Nigeria's military has been unable to stop Boko Haram.

JOHANNESBURG, South Africa — The attack was typically bold, and brutal: As schoolboys gathered for Monday morning assembly, among them stood a suicide bomber dressed in their very school uniform, explosives hidden in a backpack.

Terrifying chaos followed. The blast tore through the high school assembly hall in Potiskum, a town in northeastern Nigeria's Yobe state, killing at least 47 people and injuring some 80 more. Police quickly blamed the Islamist militant group Boko Haram. 

Like countless other massacres attributed to the group, schoolchildren were the target — in this case, boys attending a non-Quranic school.

Five years into the insurgency by Boko Haram, little headway has been made in halting the attacks that have killed thousands and displaced hundreds of thousands more in Nigeria's northeast. Despite international attention after the abduction of more than 200 schoolgirls from the town of Chibok in April, similar attacks have continued apace.

There was a brief glimmer of hope last month, when the Nigerian military announced it had reached a ceasefire following talks with Boko Haram. A government official said the Chibok schoolgirls would soon be released.

A day later, the ceasefire had crumbled, as the attacks continued. Abubakar Shekau, leader of Boko Haram, dismissed reports of a truce, and said the Chibok girls had converted to Islam and been married off to fighters.


Monday's school bombing followed the release of a new video from the group, in which Shekau again rejects claims of a ceasefire and boasts of having established an Islamic caliphate. In another attack on Potiskum, less than a week ago, a suicide bomber targeted a Shia Muslim religious procession, killing 30 people.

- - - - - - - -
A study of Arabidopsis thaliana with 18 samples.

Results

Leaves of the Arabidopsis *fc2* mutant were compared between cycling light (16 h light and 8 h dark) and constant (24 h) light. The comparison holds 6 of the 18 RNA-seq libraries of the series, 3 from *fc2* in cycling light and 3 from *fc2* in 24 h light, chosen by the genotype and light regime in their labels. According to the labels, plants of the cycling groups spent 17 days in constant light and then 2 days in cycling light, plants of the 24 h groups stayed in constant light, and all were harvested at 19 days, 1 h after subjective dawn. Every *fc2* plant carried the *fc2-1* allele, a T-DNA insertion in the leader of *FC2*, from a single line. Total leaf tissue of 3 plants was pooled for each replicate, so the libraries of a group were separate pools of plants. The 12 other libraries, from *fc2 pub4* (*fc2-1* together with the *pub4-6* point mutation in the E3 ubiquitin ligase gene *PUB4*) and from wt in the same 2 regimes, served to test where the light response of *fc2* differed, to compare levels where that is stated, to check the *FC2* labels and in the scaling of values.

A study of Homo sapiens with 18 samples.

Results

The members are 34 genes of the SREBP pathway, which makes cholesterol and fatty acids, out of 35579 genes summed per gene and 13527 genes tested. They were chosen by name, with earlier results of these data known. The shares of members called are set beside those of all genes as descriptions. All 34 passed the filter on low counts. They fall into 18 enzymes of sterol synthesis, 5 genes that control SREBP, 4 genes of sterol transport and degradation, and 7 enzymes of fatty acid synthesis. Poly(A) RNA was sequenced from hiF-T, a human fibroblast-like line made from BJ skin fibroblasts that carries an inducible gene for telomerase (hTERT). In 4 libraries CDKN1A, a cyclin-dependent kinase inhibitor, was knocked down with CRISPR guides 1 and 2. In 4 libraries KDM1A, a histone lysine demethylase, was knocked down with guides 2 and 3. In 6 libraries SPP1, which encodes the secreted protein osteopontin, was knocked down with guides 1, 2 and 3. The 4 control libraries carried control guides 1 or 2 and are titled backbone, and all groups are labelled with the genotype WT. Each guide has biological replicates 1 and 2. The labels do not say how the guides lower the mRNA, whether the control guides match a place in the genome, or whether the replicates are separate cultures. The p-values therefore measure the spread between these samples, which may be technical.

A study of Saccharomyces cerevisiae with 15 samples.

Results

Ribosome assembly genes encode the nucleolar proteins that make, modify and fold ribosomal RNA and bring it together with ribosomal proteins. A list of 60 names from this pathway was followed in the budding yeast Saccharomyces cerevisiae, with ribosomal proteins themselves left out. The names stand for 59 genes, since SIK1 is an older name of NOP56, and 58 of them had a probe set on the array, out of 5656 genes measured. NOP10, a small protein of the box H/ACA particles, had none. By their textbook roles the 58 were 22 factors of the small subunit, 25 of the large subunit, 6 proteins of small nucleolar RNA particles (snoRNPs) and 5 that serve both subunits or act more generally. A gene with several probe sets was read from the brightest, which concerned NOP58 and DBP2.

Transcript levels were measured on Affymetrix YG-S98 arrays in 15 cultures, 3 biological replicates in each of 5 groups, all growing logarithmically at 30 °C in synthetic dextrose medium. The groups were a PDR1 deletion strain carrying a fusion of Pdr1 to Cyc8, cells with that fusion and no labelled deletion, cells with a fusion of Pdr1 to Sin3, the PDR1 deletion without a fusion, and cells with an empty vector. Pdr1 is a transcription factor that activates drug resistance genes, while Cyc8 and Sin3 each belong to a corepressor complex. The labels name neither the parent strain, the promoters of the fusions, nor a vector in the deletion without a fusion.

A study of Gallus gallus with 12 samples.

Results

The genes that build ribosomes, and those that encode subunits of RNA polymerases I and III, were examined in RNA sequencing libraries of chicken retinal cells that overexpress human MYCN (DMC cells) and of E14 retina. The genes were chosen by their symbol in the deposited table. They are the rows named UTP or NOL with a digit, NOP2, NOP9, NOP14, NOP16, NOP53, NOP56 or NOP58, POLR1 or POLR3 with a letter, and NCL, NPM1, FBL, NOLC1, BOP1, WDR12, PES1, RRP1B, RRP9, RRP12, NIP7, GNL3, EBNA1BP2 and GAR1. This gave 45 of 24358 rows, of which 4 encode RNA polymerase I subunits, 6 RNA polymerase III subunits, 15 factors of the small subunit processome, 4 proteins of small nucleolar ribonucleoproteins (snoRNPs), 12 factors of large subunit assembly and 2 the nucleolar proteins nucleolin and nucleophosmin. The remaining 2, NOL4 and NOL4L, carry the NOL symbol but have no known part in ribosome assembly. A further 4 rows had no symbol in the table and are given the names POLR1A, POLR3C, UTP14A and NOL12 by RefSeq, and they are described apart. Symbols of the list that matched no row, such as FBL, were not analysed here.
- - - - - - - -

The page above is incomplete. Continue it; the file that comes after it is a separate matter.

Since 2009, Boko Haram has seized dozens of villages and towns, and attacked schools, churches and mosques. The group aims to establish an Islamic state in Nigeria, which is Africa's most populous country, and has a majority Muslim north and predominantly Christian south.

Boko Haram, which means “Western education is sinful” in the local Hausa language, believes that girls should not attend school, and that boys should only pursue Quranic studies. Males are slaughtered; females are abducted and forced to be wives and slaves.


A general election is due to be held in 2015, though it is unclear how with northeastern Nigeria in chaos. Three states, including Yobe, remain under a state of emergency put in place in May of last year.

“Urgent action must be taken right now to restore a fast-waning public confidence by doing whatever it takes to stop the escalating violence,” Yobe state governor Ibrahim Gaidam said in a statement.

Shehu Sani, a rights activist who has mediated between the government and Boko Haram, described the school attack in Potiskum as “nothing but unmitigated and despicable evil.”

“Nothing can justify the killing of those helpless and harmless children,” Sani wrote on his Facebook page. “May their souls rest in perfect peace.”